A special issue of International Journal of Environmental Research and Public Health (ISSN 1660-4601). This special issue belongs to the section "Infectious Diseases, Chronic Diseases, and Disease Prevention".

Deadline for manuscript submissions: 31 August 2024 | Viewed by 407

Special Issue Editor

Biochemistry and Molecular & Cellular Biology, Georgetown University, Washington, DC 20007, USA
Interests: chronic kidney disease (CKD); health literacy in kidney disease; dietary intake

Special Issue Information

Dear Colleagues,

The global prevalence of chronic kidney disease (CKD) is estimated at 9.1% for all ages, and the prevalence among US adults is over 15%. CKD is described as the presence of kidney damage, demonstrated by abnormal albumin excretion or decreased kidney function; it is quantified by estimated glomerular filtration rate (GFR) and leads to end-stage kidney fibrosis. Anemia and dysregulated mineral metabolism are common complications observed in patients with CKD. Anemia is mainly caused by the inability of damaged kidneys to produce adequate amounts of erythropoietin, and imbalanced dietary intake leads to dysregulated mineral metabolism (phosphate and calcium) associated with higher risk of cardiovascular disease (CVD). Current studies suggesting that the number CKD patients will continue to rise, reflecting the growing elderly population and increasing number of patients with diabetes and hypertension. Health literacy is defined as a patient’s ability to understand, approach, interpret, and use their health-related information to manage and improve their health condition. In general populations, limited understanding of health literacy may reduce the ability of CKD patients to understand their disease and lead to difficulty in managing medications, dietary intake, and physical activity, resulting in poorer overall health, increased mortality, and less-efficient use of health services.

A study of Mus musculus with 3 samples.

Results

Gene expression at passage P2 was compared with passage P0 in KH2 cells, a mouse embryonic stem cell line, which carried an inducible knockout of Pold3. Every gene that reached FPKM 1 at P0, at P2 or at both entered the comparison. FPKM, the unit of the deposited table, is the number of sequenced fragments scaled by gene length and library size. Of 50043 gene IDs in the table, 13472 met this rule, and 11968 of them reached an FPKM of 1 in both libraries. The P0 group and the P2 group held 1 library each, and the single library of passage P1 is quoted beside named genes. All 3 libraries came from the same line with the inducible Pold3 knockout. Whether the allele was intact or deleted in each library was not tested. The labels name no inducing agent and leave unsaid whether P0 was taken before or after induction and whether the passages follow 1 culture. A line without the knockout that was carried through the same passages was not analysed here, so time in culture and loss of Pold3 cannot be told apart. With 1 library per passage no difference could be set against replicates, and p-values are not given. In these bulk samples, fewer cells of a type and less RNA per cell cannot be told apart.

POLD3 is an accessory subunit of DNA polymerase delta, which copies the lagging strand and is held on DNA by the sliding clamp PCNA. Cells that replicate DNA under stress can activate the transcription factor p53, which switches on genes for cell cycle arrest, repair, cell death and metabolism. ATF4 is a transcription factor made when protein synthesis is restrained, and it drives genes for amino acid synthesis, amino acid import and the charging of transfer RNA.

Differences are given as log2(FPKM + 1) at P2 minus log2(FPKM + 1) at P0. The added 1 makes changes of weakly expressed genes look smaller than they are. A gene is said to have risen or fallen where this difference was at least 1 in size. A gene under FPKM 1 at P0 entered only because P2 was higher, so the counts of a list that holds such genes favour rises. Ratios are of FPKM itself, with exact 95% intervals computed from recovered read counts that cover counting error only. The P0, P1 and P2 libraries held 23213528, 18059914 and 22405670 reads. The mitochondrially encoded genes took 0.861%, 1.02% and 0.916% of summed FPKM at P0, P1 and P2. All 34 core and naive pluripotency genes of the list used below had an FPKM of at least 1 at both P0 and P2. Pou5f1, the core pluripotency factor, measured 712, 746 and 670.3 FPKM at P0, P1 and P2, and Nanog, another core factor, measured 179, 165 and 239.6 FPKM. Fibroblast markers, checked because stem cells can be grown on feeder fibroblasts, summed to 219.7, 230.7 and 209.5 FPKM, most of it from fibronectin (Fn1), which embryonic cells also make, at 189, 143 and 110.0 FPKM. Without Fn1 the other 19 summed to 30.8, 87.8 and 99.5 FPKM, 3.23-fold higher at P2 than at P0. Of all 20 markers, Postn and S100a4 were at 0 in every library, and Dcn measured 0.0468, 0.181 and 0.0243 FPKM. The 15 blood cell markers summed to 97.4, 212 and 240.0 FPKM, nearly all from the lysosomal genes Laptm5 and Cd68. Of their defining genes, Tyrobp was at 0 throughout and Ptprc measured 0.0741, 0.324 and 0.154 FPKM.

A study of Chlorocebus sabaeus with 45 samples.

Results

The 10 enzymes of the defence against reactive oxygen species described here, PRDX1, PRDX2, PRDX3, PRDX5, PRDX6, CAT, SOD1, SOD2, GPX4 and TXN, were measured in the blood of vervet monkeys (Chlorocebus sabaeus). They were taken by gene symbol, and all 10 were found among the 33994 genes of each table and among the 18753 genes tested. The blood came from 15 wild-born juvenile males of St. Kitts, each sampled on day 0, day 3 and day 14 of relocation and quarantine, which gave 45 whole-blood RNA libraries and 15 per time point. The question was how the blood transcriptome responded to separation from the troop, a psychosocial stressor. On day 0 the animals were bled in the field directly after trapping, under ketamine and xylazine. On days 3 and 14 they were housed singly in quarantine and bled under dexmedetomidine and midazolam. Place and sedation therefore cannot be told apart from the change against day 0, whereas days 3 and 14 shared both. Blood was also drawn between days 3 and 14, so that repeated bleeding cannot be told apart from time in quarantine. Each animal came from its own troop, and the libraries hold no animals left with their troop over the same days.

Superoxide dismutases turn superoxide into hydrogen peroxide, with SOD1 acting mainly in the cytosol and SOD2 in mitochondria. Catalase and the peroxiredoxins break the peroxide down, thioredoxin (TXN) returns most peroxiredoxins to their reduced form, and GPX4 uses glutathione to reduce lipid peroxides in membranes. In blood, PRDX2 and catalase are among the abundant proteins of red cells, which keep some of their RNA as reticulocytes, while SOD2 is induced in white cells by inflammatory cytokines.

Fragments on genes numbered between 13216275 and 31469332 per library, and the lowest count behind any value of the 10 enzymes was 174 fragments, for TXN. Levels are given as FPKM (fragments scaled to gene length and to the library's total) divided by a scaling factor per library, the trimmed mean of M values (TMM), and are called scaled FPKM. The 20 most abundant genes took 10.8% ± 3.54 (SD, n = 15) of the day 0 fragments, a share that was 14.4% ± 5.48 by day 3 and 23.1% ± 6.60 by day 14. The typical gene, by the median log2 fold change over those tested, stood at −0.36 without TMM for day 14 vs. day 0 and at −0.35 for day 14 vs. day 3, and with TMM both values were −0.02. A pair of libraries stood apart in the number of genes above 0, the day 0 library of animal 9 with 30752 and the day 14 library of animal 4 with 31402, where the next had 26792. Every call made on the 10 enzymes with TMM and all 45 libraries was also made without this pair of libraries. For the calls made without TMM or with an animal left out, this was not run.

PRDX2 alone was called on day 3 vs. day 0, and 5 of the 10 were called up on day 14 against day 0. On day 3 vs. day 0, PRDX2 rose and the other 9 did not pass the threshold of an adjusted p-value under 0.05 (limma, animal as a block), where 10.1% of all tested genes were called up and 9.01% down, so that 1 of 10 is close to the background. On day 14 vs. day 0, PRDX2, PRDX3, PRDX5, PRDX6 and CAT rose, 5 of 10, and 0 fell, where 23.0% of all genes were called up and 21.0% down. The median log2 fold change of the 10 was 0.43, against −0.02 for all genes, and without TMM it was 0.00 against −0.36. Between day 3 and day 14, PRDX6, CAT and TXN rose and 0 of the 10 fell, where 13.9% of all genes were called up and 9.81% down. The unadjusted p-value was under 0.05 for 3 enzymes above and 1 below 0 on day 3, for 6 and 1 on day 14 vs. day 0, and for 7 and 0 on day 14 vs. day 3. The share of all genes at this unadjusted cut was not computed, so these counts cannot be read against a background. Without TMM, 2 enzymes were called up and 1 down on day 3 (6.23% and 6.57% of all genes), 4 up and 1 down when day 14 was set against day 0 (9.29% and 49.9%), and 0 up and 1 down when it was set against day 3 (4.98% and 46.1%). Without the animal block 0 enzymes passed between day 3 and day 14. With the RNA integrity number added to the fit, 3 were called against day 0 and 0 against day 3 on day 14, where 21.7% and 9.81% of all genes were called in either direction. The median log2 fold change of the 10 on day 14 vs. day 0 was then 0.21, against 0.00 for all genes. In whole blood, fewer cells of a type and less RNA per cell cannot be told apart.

The existence of a social economic position of health literacy, whereby those with low socioeconomic status also tend to have low health literacy promotes health inequity. Patients with CKD may need to receive dialysis, and those preparing for transplantation or living with a kidney transplant are required to manage comorbidities, complex medications, dietary changes, the limited flexibility of dialysis treatment schedules and frequent hospital visits. These activities require health navigation skills, the ability to gain health knowledge, motivation, and problem-solving abilities, all of which are components of personal health literacy. Engaging in self-care activity and developing an understanding of chronic health conditions/health literacy differences may prevent the progression of chronic kidney disease in patients and improve their health care services.

Dr. Komuraiah Myakala
Guest Editor

Manuscript Submission Information

Manuscripts should be submitted online at www.mdpi.com by registering and logging in to this website. Once you are registered, click here to go to the submission form. Manuscripts can be submitted until the deadline. All submissions that pass pre-check are peer-reviewed. Accepted papers will be published continuously in the journal (as soon as accepted) and will be listed together on the special issue website. Research articles, review articles as well as short communications are invited. For planned papers, a title and short abstract (about 100 words) can be sent to the Editorial Office for announcement on this website.

Submitted manuscripts should not have been published previously, nor be under consideration for publication elsewhere (except conference proceedings papers). All manuscripts are thoroughly refereed through a single-blind peer-review process. A guide for authors and other relevant information for submission of manuscripts is available on the Instructions for Authors page. International Journal of Environmental Research and Public Health is an international peer-reviewed open access monthly journal published by MDPI.

Please visit the Instructions for Authors page before submitting a manuscript. The Article Processing Charge (APC) for publication in this open access journal is 2500 CHF (Swiss Francs). Submitted papers should be well formatted and use good English. Authors may use MDPI's English editing service prior to publication or during author revisions.


  • chronic kidney disease
  • health literacy
  • socioeconomic health status
  • aging population
  • kidney disease progression
  • prevention of kidney disease

Published Papers

This special issue is now open for submission.